The cars we loved.
Alfa Romeo has a solid reputation for building exciting sports cars. Even its most pedestrian sedans offer some level of performance and finesse. But for the everyday working Joe during 1960s Italy, a 33 Stradale or Gran Sport Quattroruote were just out of reach. To remedy this, Alfa took from its do everything Giulietta range, and made coupes with smaller displacement engines (105 Series). The small mills avoided the extra taxes associated with engines larger than 2 liters. At 1.3-liters Alfa’s 1300 GT was just what the lower end of the GT market wanted. Like most European brands, Alfa understood that performance was not just about displacement. A good handling and fun to drive platform was equally important, giving birth to the “Junior” range. For looks, Bertone would pin the exterior, making its brand of Italian Style accessible to a wider market. It was Bertone’s first big job, so making a lasting impression on the general populace was very important to the then new design studio.
At 89 hp for the initial Junior, the lack of grunt over the larger 1.7-liter 1750 GT Veloce was not all that pronounced. At just over 2,000 lb, the lightweight Junior could top out in the low three digit range and get to 60 in 12 seconds. These where respectable figures for any performance car, let alone an affordable one during the mid-sixties. The rear suspension was a tried and true beam axle with coil springs, but the Junior had plenty of advance technology under the hood.
Part of the reason it’s 1.3-liter displacement could produce nearly 90 hp was because of its twin cam set up. Rather advance for the time, it was not unlike what could be found on more expensive sports cars. While many models of the 1300 had dual carburetors, American bound cars would have fuel injection to meet Federal emissions standards. In a further nod to performance value, all Juniors were fitted with standard disc brakes all around.
Aside from performance, the 1300 and later 1600 Juniors were real lookers. The Bertone design was a more modern evolution of Giuseppe Scarnati’s design for the outgoing Giulia. The sophisticated lines and youthful demeanour found fans quickly. As practical as it was handsome, the well proportion coupe had a pronounced greenhouse with sculpted front and rear windows. Other upscale design touched included integrated headlights and wheels that filled the fender wells for an aggressive sporting look. European 1600s had quad headlamps for a more sophisticated look, while in the US they were dual units like 1300s everywhere.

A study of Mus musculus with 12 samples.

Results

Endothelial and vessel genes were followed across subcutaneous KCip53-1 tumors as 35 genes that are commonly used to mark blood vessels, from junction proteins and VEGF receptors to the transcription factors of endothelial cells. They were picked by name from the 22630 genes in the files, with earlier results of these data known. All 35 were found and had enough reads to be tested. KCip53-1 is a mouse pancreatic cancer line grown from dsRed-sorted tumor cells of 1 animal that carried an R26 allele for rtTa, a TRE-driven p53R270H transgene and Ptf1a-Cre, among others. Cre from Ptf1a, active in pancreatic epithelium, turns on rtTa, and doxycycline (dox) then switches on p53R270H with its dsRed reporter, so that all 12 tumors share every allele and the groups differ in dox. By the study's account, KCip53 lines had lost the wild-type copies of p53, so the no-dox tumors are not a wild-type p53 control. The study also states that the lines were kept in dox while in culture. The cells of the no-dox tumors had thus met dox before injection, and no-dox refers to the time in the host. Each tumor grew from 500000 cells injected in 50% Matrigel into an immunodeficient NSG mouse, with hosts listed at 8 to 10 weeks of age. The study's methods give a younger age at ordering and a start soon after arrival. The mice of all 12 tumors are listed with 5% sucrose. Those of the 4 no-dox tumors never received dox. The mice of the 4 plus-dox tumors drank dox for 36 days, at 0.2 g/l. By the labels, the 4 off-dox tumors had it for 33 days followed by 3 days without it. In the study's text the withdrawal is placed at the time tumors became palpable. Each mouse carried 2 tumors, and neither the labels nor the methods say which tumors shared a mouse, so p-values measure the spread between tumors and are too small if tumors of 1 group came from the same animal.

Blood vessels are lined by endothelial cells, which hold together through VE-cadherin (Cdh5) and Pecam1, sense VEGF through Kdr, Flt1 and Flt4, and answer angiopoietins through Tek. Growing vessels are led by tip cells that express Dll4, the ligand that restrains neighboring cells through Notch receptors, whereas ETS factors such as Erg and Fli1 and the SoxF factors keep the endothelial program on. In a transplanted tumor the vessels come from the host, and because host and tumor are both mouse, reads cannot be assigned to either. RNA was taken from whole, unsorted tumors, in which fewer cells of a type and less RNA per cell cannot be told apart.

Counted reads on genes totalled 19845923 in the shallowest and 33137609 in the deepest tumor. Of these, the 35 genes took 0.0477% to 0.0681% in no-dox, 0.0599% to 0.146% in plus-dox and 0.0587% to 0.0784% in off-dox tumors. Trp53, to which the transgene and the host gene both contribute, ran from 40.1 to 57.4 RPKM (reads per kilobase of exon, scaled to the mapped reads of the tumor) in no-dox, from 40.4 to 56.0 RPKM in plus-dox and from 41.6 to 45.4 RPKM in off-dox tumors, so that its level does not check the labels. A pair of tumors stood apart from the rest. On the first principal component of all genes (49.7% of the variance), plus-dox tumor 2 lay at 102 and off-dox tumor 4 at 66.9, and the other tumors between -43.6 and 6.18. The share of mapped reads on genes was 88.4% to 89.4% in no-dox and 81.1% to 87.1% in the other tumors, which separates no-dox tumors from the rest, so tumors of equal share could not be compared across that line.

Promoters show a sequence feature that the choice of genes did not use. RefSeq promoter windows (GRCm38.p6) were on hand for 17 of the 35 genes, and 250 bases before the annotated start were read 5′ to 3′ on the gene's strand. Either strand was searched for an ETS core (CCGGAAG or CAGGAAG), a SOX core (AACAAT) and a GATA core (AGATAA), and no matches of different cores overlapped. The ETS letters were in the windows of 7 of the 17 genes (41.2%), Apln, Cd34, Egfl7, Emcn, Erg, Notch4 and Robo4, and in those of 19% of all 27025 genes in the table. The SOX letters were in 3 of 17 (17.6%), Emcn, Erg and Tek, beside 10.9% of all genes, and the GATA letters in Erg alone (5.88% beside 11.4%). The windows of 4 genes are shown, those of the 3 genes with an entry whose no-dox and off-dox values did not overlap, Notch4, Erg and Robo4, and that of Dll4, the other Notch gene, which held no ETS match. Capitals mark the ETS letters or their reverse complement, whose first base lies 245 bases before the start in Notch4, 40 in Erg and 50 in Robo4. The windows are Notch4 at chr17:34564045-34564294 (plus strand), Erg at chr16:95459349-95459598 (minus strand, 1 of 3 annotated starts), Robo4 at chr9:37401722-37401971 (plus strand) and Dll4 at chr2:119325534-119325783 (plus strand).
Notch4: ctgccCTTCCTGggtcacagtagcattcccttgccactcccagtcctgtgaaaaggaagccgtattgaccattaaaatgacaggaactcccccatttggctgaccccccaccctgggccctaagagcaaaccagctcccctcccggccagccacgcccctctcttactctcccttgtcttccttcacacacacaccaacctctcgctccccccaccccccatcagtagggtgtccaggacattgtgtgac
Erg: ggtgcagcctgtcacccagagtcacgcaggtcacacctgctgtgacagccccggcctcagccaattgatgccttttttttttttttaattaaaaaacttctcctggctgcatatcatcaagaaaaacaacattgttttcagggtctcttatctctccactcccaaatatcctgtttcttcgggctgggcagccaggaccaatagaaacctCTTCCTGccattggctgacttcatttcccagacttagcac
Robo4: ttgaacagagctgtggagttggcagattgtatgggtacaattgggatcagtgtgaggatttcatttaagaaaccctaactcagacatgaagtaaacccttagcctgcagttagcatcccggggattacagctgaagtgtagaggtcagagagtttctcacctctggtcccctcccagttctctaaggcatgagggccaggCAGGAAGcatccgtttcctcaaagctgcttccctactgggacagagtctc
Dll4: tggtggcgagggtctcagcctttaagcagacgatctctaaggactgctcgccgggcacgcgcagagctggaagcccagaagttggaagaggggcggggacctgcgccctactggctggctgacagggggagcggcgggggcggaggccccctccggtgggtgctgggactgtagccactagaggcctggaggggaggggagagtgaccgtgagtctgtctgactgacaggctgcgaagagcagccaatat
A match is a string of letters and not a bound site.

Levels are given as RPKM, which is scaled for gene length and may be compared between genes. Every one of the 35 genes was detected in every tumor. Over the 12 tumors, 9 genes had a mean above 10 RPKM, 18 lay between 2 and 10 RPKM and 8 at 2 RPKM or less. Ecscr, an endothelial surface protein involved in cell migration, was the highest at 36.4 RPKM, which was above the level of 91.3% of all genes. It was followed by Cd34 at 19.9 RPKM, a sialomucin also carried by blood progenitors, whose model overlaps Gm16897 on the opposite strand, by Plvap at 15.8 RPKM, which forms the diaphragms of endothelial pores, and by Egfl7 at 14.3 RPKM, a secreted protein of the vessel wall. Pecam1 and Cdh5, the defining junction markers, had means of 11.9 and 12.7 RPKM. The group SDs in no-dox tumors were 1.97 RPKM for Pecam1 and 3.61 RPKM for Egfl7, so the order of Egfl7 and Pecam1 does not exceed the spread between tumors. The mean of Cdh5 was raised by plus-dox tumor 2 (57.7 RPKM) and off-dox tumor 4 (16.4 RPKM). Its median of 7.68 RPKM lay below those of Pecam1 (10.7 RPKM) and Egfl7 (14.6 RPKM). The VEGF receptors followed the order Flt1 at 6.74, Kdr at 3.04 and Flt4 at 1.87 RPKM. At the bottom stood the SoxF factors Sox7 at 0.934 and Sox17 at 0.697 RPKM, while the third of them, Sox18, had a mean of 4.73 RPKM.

The beauty continued inside with a simple flat faced dashboard with wood grain surfaces. Simple large dials highlighted the Juniors singular mission of fun in motion while a 5 speed manual shifter sat between the vinyl seats. This was a fine example of Italian craftsmanship at a reasonable price.
There were many variations of the Junior sold around the world. There was even an exotic looking Zagato designed version that featured a longer hood with a more flush and modern looking front end. From the A pillar forward, the Zagato GT was as sleek looking as any GT car from Monteverdi or De Tomaso. While Zagato GTs were not quite limited edition cars, they were produced nearly as long as the Junior itself from 1969 to 1976. They were built in Milan and sold primarily in European markets. More ordinary Juniors were produced in Italy and South Africa.
The Junior would evolve into the 70s by which time its somewhat rounded but timeless edges would be replaced by the more angular Alfetta GT, GTV and GTV6 range. Jniors are sought after today for their style and mechanical simplicity. The same reasons they were so popular in the 60s makes then collectible and highly tunable today. It’s not unusual to come across a Junior from this era with an engine swapped out by later owners who grew weary with the fussiness of the original inline four. GM V6 and even small block V8s have been known to reside under the hood of some Juniors (and Sprint GTVs). While that’s interesting, the original formula of affordable fun still holds true today for anyone lucky enough to come across an un-molested example of this beautiful Italian classic.